Although friction stir welding (FSW) was developed primarily for making butt joints in wrought aluminium alloys which are difficult or virtually impossible to fusion weld, the process can also be used to weld light alloy castings.
Almost all aluminium alloys - both in the solution treated and, where appropriate, hardened conditions - can be friction stir welded. Additionally, the process can be used to weld dissimilar alloys of the same family of alloys and sometimes from different families. If fusion welding were used, the process could create intermetallics from the mix of alloying elements, which in turn could lead to a reduction in the mechanical properties of the welded joint.
FSW is a solid phase process so there is no molten pool into which gases can be dissolved, and which will subsequently be rejected during solidification. This means that FSW welds do not exhibit the porosity that can occur with fusion welding and by the same token hot cracking problems can almost always be avoided.
Early FSW trials on pressure die cast aluminium alloys did not display the turbulent welding conditions typically experienced with fusion techniques (when a pocket of trapped gas is released into the weld pool and expels some of it) and it was found that fully consolidated welds were achieved. The FSW process uses a fairly high down force and it was shown that pre-existing gas pores immediately around the weld nugget region were eliminated, resulting in a soundweld and HAZ interface. Cast components can be FSW welded to wrought plate and extrusions as dissimilar metal combinations when required, and there have been several applications where cast end caps and closure lids have been welded into extruded and cast containers in order to seal the components for low pressure applications.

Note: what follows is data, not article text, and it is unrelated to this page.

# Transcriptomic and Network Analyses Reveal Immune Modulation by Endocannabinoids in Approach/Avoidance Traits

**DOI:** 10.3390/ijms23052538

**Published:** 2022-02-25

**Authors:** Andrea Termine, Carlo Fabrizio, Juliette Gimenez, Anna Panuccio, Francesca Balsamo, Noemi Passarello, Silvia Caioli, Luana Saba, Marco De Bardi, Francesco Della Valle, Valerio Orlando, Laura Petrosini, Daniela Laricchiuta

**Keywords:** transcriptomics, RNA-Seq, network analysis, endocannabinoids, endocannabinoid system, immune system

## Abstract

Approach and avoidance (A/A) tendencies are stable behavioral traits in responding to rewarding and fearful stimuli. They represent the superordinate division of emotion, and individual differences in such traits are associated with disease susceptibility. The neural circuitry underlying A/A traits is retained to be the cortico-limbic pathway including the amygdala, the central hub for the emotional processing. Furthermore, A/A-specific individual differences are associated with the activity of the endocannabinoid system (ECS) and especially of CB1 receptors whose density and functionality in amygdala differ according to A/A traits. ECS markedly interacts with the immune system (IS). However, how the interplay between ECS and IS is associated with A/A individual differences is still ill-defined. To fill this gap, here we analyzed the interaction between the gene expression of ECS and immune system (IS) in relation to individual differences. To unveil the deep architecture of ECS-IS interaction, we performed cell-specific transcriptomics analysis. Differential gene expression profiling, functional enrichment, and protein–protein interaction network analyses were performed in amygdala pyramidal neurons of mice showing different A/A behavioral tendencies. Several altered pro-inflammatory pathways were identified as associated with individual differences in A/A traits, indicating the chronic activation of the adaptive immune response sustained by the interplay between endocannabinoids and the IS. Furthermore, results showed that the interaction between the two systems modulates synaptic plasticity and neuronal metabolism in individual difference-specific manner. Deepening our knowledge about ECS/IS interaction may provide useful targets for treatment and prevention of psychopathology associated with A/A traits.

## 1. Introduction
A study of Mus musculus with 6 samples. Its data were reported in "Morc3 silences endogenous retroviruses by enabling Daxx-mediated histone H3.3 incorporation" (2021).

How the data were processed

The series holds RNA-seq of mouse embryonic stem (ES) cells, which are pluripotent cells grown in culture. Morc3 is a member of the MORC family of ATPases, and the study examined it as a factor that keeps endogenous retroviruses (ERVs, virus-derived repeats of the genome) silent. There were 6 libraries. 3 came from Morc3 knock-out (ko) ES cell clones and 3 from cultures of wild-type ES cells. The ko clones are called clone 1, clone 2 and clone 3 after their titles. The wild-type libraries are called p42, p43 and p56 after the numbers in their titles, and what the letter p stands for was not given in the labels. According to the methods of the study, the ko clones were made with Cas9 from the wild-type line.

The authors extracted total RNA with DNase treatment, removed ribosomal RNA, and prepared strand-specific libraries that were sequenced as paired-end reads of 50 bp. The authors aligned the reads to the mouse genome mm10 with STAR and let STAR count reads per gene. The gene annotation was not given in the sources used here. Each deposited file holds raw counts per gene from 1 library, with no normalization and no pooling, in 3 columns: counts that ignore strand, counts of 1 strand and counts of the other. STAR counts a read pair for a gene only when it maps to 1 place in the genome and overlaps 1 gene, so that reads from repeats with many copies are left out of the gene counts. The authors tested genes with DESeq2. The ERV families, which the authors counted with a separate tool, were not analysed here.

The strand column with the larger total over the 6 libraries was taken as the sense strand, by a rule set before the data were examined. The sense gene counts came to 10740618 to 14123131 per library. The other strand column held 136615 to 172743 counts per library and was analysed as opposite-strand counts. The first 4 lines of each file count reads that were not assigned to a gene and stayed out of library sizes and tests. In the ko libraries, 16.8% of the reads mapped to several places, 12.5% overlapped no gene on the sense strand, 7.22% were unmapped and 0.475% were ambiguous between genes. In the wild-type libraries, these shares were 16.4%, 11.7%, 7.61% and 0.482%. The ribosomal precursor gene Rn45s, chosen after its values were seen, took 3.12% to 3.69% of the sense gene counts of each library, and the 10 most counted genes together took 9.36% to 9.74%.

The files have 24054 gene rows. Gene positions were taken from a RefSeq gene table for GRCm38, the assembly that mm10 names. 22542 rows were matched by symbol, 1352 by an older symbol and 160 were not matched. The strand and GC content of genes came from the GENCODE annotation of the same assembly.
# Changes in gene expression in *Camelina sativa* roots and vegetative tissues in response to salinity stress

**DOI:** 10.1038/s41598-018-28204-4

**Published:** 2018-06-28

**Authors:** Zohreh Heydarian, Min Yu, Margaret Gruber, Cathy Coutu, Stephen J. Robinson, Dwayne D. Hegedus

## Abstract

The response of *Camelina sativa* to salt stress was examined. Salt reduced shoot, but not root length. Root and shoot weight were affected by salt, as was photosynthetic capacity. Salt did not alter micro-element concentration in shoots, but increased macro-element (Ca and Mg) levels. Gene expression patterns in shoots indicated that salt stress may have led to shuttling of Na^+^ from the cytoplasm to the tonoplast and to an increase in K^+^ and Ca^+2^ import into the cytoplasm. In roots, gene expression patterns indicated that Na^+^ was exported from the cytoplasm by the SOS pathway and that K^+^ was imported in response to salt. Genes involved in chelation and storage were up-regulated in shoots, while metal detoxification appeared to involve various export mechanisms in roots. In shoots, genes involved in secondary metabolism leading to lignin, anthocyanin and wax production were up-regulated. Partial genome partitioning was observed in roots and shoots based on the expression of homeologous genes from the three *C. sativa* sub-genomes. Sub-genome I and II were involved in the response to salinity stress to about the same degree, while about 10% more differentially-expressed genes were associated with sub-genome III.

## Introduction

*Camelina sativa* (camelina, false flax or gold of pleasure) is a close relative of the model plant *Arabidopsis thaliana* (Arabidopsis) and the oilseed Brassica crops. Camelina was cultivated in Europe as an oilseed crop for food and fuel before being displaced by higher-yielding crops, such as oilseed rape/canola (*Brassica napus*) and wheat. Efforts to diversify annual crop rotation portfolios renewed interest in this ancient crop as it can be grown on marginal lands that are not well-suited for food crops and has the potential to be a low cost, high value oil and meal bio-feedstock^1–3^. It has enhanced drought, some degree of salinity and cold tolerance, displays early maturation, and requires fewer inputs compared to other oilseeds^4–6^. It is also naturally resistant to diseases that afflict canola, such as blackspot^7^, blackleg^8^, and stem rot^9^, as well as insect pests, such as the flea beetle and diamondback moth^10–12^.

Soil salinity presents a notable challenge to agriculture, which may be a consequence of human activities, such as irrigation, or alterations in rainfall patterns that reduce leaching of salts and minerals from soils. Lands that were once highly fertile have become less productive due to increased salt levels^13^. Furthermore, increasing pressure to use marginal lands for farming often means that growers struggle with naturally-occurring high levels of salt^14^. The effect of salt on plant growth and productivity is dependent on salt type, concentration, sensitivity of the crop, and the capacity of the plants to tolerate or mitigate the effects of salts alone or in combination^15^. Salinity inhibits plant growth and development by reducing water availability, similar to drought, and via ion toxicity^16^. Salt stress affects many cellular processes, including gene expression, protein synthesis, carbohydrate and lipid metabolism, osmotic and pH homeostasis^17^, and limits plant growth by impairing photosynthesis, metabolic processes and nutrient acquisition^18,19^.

In other families of alloys, high pressure die-cast magnesium plates have been successfully friction stir welded to the same, and different, magnesium alloys. The cast plates contained residual porosity from the manufacturing process, and this was not found to affect the resultant weld quality. In fact in some welded samples, tensile test failures occurred in the parent plate because of its inherent porosity, the weld nugget being overmatched with respect to the parent material strength. The weld surface produced by FSW can be very smooth, and the weld nuggets exhibit a very fine grain size as seen in aluminium alloys. Magnesium alloys investigated to date include AM50, AM60, AZ91 andZK60, although the processing parameters need to be optimised for each specific alloy. Also, as with aluminium, wrought magnesium material such as AZ31 can be welded to cast magnesium plates without undue problems, although indissimilar material welding there may be a preferred orientation of the components being welded.
It should be noted that friction stir welding has also been applied to other cast materials. Welding trials have been performed on both nickel aluminium bronzes and on cast steels. In the bronzes, one advantage of FSW is that a finegrain size is conferred onto the welded material, while in some cast steels the same high weld quality has been achieved as with wrought steel plates. The beneficial effects seen in the FSW in cast bronzes has led to another aspect of the friction stir - that of processing surfaces of components to improve the characteristics of the material in this region. The FSP can be used not only to refine the grain size of the alloy, but also to eliminate porosity and even fine micro-cracking on component surfaces that might otherwise lead to premature failure in service.